In the fall of 1969, the architect-artist-poet-philosopher Madeline Gins published WORD RAIN. The novel is ostensibly about an unnamed narrator tasked with reading over a manuscript at a friend’s house, where a party is ongoing. Using its plot as a proxy, the text sets about dismantling the boundaries between narrator and reader, reading and feeling, reading and thinking, reading and the weather. Everything becomes sticky, sensitive, and sentient; in Gins’s world, to read is to become atmospheric — words pass through you and shimmer in a mist of meaning.
The full book appears in The Saddest Thing Is That I Have Had to Use Words (2020), a Madeline Gins reader edited by Lucy Ives and published by Siglio Press. Released into the world as it ground to a halt in lockdown, it’s somehow a fitting context for the late Gins, who continues to be known in architecture and non-architecture circles alike for The Reversible Destiny Foundation (est. 2010), a collaborative speculative architecture project pursuing immortality that she developed with her life and work partner Arakawa. Up in East Hampton and on the outskirts of Tokyo, the duo’s dreams of an architecture that could out-design death have materialized in the form of candy-colored domestic dreamscapes that challenge their residents with cavernous kitchens, climbable walls, and pod-shaped loos. To navigate the home is to be kept forever on one’s toes. By remaining in a perpetual state of flight, Gins and Arkawa believed, one could dodge death.
But long before any of these ideas sunk into an architectural language, Madeline Gins was an artist and writer obsessed with the phenomenological experience of writing — both in the intimate experience of reading as much as its capacity to serve as a social art form. A succinct but graceful introduction by Ives locates Gins perfectly in that heady post-war art scene of New York, where a new avant-garde “began to bypass the standard practices of the Manhattan gallery system in favor of discursive modes of circulation.” And in this context, collaborating with the late, great Vito Acconci, running alongside the likes of Adrian Piper, drawing upon the work of Max Ernst, Gertrude Stein, Vladimir Nabokov, and many other artist-writers, Gins, who studied physics and Eastern philosophy and later painting, conjured a relationship with words that’d last her lifetime.
Arakawa and Madeline Gins, Reversible Destiny Lofts Mitaka—In Memory of Helen Keller, interior, 2005, Mitaka, Tokyo, Japan. Photo by Masataka Nakano. © 2005 Estate of Madeline Gins. Reproduced with permission of the Estate of Madeline Gins.
The reader, which just clears 300 pages, offers a curated selection of Gins’s work, pulled from the Reversible Destiny Foundation’s archives. First up is Transformatory Power: Poems from the 1960s and 70s, a collection of 18 short works bristling with Gins’s characteristic sense of ecstatic word-bending and play. It’s here we first encounter her fondness for lists and feelings-algebra (“TORTURED CLAMS PLUS RUBBER SPARKS,” says one poem, “THE SHRIEKS FROM A BISECTED PLANE,” “I LOVE YOU WITH THE WRAITH OF ASYMPTOMATIC BREATH,” say another and another). Following this are two early essays, then the mighty WORD RAIN, which I can only really describe as the literary equivalent of being onboard a fairground Gravitron. This is followed by my favorite work in the collection: What the President will say and do!!, and finally, it wraps up with the essay Helen Keller or Arakawa.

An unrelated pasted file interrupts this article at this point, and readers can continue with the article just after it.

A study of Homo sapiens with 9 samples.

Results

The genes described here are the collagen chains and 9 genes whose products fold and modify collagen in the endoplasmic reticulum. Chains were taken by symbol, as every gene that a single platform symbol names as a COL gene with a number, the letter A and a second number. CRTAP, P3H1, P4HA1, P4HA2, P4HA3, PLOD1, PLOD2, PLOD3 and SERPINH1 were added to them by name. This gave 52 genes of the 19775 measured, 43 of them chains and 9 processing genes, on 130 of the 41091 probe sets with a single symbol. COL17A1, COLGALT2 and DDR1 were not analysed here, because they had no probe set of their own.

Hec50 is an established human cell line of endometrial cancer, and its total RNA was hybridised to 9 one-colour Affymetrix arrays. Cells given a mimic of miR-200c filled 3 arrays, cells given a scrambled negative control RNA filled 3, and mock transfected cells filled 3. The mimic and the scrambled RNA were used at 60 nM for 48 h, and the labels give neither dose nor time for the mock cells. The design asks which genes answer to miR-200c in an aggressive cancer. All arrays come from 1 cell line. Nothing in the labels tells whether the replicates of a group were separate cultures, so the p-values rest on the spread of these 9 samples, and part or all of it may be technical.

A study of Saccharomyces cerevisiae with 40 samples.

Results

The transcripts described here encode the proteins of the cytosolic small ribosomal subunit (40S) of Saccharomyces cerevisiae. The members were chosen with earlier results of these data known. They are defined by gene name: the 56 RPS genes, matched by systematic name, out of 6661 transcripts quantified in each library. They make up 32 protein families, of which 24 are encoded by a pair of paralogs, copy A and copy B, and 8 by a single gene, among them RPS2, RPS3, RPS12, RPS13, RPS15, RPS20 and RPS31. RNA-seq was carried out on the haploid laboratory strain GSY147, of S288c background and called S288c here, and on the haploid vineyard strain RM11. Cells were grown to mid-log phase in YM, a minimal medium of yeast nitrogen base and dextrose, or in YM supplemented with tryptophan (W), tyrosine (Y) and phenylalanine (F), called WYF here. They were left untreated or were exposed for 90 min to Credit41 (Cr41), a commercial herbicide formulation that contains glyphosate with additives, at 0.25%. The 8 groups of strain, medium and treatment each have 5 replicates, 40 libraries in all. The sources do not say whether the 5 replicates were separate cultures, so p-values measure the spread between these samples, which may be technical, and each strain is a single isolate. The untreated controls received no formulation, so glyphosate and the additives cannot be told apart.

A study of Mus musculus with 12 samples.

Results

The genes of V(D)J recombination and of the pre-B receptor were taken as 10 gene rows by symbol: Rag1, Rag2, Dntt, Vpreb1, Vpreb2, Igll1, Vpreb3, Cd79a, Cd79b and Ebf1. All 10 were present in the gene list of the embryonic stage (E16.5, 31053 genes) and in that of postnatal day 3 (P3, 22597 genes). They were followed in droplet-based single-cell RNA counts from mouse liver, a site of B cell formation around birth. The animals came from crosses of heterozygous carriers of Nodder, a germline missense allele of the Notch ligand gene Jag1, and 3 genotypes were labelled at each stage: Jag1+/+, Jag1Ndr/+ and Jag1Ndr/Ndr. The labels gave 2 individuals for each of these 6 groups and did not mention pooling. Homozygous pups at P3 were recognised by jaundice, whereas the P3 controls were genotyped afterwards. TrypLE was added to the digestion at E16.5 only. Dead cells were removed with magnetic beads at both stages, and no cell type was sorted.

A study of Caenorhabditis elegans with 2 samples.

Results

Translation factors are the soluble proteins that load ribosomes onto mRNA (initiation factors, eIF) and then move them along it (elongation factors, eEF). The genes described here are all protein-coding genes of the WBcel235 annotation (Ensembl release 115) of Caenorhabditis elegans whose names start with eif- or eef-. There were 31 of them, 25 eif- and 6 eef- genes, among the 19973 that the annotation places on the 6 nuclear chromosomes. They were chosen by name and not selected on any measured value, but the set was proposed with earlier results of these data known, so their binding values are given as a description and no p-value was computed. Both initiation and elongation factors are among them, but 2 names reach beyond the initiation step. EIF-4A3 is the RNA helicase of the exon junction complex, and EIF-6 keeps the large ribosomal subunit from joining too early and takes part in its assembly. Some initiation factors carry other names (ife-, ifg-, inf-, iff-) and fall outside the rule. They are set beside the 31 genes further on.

What the President will say and do!! was published in 1984, so there’s no way Gins could’ve foreseen what the President is saying and doing in 2020, but some of the mantras offered up in the first half of the text feel particularly familiar. “TURN ALL BLEMISHES INTO MICRODOTS OF POLITICAL TREATISES!” “COLLECT BOTTOMS NON-DISCRIMINATORILY,” “SKIP A FEW DAYS TO LOOSEN THE FLOW OF HISTORY!” — the last one something you’d imagine printed on the next MAGA cap worn to quarantine golf at Mar-a-Lago. In the second half of the text, she takes these sound bites and integrates them into two different short stories about “The President.” The words here become shapeshifters, taking on different meanings as their placement generates an infinite strain of new associations. “Memory is made up of gas shavings,” Gins declares in WORD RAIN. That most imperceptible form of matter is giddy, vibrating, reactive to an ever-changing set of conditions, especially the weather. In other words, it’s just like her writing.
Though her style fluctuates, Gins’s keen interest in the embodied relationship between writing and reading remains constant throughout the collection. “In order to make the words move, you must give your attention to them,” she shares in WORD RAIN. That idea draws her into alignment with the Belgian literary critic Georges Poulet, whose text The Phenomenology of Reading was published, rather eerily, that same month and year. “There flows, from mind to mind, a current which has only to be followed,” counters Poulet, who dreamed of banishing the physical presence of the book to create a stream of consciousness between author and reader. But for Gins, words are nothing if not physical. It’s their physicality that protects them from perfect comprehension — in the scanned pages making up WORD RAIN, stray digits appear to block out words; in poems, words and lists are emphatically crossed out, smudged, erased. The inherent confusion of language is of course her tactic, for to reach full clarity is to resume gravity. And that’s why experiencing Gins’s writing in print — at long last — is so necessary. The Madeline Gins reader feels like how I imagine living in a Reversible Destiny house feels — like floating, like hovering, really, in a cloud of mist. While stuck inside your familiar four walls, lockdown is the perfect time to dive in.